Recently while birding in the South Llano River State Park near Junction, I crossed paths with one of the Hill Country’s smallest and most illusive birds, a Verdin. Seeing movement in the brushy habitat might be the only way to notice the bird’s presence because of their very tiny size and lack of significant plumage that might catch your eye. Verdins are barely larger than our hummingbirds and are even smaller than some hummingbirds in West Texas.
If you are going to find the Verdin in the Hill Country, you must visit the driest scrub vegetation you can find – mainly west of Kerr County. Their numbers increase going westward into the more arid Western Edwards Plateau vegetation region. Mesquites, thorn scrub, and prickly pear would be the indicator plants for the habitat occupied by Verdins. Scattered areas of thorn brush occur throughout the region, but the prime areas are to the south and west.
Wren-sized or smaller, Verdins are mostly gray to brown in color, but have one distinctive attribute – a yellow face. I can best describe the bird’s appearance as looking as if it had been dipped face-first into a can of yellow paint. The only other color, chestnut or rufous brown, is found on the bird’s shoulder. The upper part of its body, including its tail, is darker than the lower part. The bird has a very thin small bill. Without binoculars, a birder would find it visually hard to see any of these characteristics.
Young Verdins might be confused with Common Bushtits since they both have little color other than gray and brown. Generally these birds do not occupy the same habitat, so confusion between the two is unlikely. Verdins are similar to chickadees and titmice in that they perform acrobatic abilities as they forage for food. Hanging upside down is a common feeding position.
The Verdin is one of the few birds that utilizes its nest as a roosting venue, similarly to the Cactus Wren, both occupants of the desert habitat. The birds’ nests are similar in shape; both have a football shape tucked into a mesquite limb or cactus plant. These bulky looking nest-roosts are made of grass with the opening located on one end. Cactus Wren nests are larger and more likely found in cholla (a spindly cactus) or a very thorny scrub and closer to the ground than are Verdin nests.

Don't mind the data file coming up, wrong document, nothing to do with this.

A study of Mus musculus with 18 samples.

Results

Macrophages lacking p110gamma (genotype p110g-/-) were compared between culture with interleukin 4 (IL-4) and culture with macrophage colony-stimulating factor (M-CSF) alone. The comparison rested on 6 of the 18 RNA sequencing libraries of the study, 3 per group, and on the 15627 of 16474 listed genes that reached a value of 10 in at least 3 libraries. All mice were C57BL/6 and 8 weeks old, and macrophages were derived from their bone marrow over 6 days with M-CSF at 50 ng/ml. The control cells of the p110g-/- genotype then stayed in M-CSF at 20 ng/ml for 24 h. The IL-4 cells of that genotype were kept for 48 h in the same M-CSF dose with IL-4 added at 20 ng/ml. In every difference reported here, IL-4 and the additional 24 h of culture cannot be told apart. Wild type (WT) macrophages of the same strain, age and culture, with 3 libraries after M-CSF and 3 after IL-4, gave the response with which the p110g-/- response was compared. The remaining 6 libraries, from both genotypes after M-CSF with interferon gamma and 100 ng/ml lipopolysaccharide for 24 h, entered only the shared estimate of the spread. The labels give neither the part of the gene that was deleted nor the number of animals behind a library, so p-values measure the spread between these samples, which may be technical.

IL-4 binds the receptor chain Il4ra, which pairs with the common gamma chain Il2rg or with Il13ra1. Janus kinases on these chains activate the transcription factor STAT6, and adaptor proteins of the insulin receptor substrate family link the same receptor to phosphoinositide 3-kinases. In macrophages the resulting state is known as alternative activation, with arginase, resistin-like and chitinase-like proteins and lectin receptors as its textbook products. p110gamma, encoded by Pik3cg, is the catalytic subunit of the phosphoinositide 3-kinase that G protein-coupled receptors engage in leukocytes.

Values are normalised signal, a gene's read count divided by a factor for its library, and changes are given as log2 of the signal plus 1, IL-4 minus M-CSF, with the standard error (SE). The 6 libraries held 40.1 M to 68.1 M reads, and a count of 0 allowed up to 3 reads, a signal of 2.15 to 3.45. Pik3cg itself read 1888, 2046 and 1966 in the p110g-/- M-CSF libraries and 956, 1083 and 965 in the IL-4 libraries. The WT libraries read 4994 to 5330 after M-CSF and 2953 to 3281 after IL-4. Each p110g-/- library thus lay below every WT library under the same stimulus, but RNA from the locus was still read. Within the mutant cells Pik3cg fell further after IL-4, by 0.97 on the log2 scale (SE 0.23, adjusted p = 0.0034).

Verdins are good engineers and planners. They build their football nest-roosts in the winter with the openings pointed away from the cold wind direction; however, their summer nest-roost entries are directed towards the prevailing wind. This opening position allows the breezes to help cool the occupants – parents and young. The birds also make sure their winter roosting homes are better insulated to keep out the cold winds.
Since their spritely size usually makes it difficult to know they are in the area, it is very important to recognize their call and song. Dr. Kent Rylander in his book, The Behavior of Texas Birds, described the bird’s voice as a loud penetrating “tswee-tswee-tswee-tsweet,” or a rapid “tzit-tzit-tzit.” It is very difficult to describe any bird’s song in words; therefore, it is important to imprint the song in your mind as you observe the bird. This technique is useful in learning all bird songs and calls.
One additional interesting point about Verdins is that they are desert inhabitants and get most of their water needs from insects, berries, fruit and nectar. They tend to feed during the cooler times of the day, thereby controlling their exposure to the sun and water loss. It is not unusual to find Virdens in dry brushy habitat far from any water sources.
On your next visit to a mesquite or thorn scrub habitat be mindful that Verdins are likely in the area. They may be small, but they are subtly beautiful birds – tiny waifs with distinctive yellow faces.
P.S. I think our rain dances last week worked well.